August 2017

Flexible working hours are commonplace in many companies today. Notwithstanding this, employees must perform the work they owe to their employer pursuant to their employment contract, otherwise they may be faced with exceptional notice of dismissal.

A lot of companies have since moved away from a system of rigid working hours and now offer flexible working hours. That being said, the working hours owed by an employee, among other things, are agreed and laid out in his employment contract. Employees have to fulfil this contractual obligation and are not allowed to constantly build up their working hours deficit. We at the commercial law firm GRP Rainer Rechtsanwälte note that if an employee fails to perform the work as stipulated in the employment contract, this may constitute good cause justifying exceptional notice of dismissal.

Such were the circumstances that led to the Landesarbeitsgericht (LAG) Hamburg [Regional Labour Court of Hamburg] upholding the effectiveness of a notice of exceptional dismissal in its ruling of November 2, 2016. The notice was issued because the employee in question had continuously worked up his working hours deficit again and again (Az.: 5 Sa 19/16).

In the instant case, the employment relationship had already existed for a period of more than 20 years. Based on a collective wage agreement, the employer could only terminate the employment relationship if it had good cause for doing so. Over the years, disputes repeatedly arose between employer and employee for a variety of reasons. In addition, the employer had already issued various formal warnings. The employer had also rebuked the employee on a number of occasions because the latter’s working time account was regularly in deficit. However, the employee failed to work off his deficit and instead continued to further contribute towards this. In the end, he had worked up a deficit of just under 56 hours, despite the fact that he had agreed to a mere 20 hours with his employer. In consultation with the staff council, the employer finally issued notice of dismissal with immediate effect.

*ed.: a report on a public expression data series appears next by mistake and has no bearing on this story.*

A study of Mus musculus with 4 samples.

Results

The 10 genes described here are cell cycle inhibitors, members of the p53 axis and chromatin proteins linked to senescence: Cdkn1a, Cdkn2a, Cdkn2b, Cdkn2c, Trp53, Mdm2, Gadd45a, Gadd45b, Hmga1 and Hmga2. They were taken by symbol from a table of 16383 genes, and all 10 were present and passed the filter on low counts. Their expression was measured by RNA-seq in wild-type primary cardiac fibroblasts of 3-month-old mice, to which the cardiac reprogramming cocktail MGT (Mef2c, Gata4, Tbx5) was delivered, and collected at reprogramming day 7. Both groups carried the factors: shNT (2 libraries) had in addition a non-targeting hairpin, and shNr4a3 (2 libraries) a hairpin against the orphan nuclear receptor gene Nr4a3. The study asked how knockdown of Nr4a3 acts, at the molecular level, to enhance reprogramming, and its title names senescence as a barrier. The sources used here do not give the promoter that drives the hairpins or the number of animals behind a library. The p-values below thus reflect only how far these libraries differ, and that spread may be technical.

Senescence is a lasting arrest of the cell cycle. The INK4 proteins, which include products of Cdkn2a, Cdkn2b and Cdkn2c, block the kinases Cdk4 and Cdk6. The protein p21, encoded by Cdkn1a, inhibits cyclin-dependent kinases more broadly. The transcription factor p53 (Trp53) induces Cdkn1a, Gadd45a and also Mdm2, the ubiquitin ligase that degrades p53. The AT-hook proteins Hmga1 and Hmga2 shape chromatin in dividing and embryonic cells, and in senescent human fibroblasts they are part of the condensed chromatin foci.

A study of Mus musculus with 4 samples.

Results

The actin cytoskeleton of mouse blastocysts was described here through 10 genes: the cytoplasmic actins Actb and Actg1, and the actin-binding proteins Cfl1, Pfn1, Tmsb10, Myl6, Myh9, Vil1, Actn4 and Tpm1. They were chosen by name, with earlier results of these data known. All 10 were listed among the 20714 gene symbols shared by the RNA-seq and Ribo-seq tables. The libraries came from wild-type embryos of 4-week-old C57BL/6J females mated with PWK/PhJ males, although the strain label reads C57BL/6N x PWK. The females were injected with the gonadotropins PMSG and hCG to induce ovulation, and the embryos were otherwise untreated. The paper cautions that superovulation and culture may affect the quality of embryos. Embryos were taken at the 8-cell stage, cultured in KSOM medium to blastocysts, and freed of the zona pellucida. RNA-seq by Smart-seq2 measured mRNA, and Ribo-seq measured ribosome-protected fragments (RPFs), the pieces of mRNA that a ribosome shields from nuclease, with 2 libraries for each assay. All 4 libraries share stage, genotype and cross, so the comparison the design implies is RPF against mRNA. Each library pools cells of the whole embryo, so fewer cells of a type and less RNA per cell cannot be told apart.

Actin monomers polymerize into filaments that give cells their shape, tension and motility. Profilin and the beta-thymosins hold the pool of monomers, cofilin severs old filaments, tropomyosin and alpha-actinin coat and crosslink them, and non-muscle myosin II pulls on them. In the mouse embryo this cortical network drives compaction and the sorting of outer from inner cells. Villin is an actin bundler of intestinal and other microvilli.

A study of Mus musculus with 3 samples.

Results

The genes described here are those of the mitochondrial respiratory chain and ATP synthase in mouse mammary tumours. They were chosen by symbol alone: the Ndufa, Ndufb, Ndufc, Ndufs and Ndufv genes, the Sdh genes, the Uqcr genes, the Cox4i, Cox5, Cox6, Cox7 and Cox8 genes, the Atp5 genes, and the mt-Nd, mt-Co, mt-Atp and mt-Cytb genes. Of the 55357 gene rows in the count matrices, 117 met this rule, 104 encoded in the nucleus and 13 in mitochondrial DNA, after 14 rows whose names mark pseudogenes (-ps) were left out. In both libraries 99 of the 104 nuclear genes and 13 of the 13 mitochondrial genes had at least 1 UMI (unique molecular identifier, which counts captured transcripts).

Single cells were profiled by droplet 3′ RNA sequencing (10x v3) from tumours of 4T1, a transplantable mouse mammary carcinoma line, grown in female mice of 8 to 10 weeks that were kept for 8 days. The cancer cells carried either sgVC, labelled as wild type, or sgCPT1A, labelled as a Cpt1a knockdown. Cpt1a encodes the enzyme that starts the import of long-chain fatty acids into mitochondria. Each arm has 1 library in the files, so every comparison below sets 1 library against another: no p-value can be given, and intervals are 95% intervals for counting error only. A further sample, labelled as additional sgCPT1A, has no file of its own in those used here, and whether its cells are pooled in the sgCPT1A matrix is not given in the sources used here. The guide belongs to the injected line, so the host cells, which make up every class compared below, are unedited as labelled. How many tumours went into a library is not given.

The employee’s legal action opposing his dismissal was unsuccessful before the LAG Hamburg. The Court held that notice of dismissal with immediate effect had been effective. It stated that performing the work owed pursuant to the employment contract is one of an employee’s main obligations, a breach of which constitutes good cause justifying exceptional notice of dismissal. In the case in question, the employee was said to have failed to work off his working hours deficit despite repeatedly being called on to do so and instead continued to contribute towards this. The Court went on to say that a less severe reaction in the form of a formal warning would no longer have been sufficient in response to the employee’s misconduct. The LAG concluded that it was no longer reasonable to expect the employer to continue the employment relationship.

Whether exceptional notice of dismissal is effective or not always comes down to the circumstances of each individual case. Accordingly, notices ought to be thoroughly prepared. Lawyers who are experienced in the field of employment law can advise employers.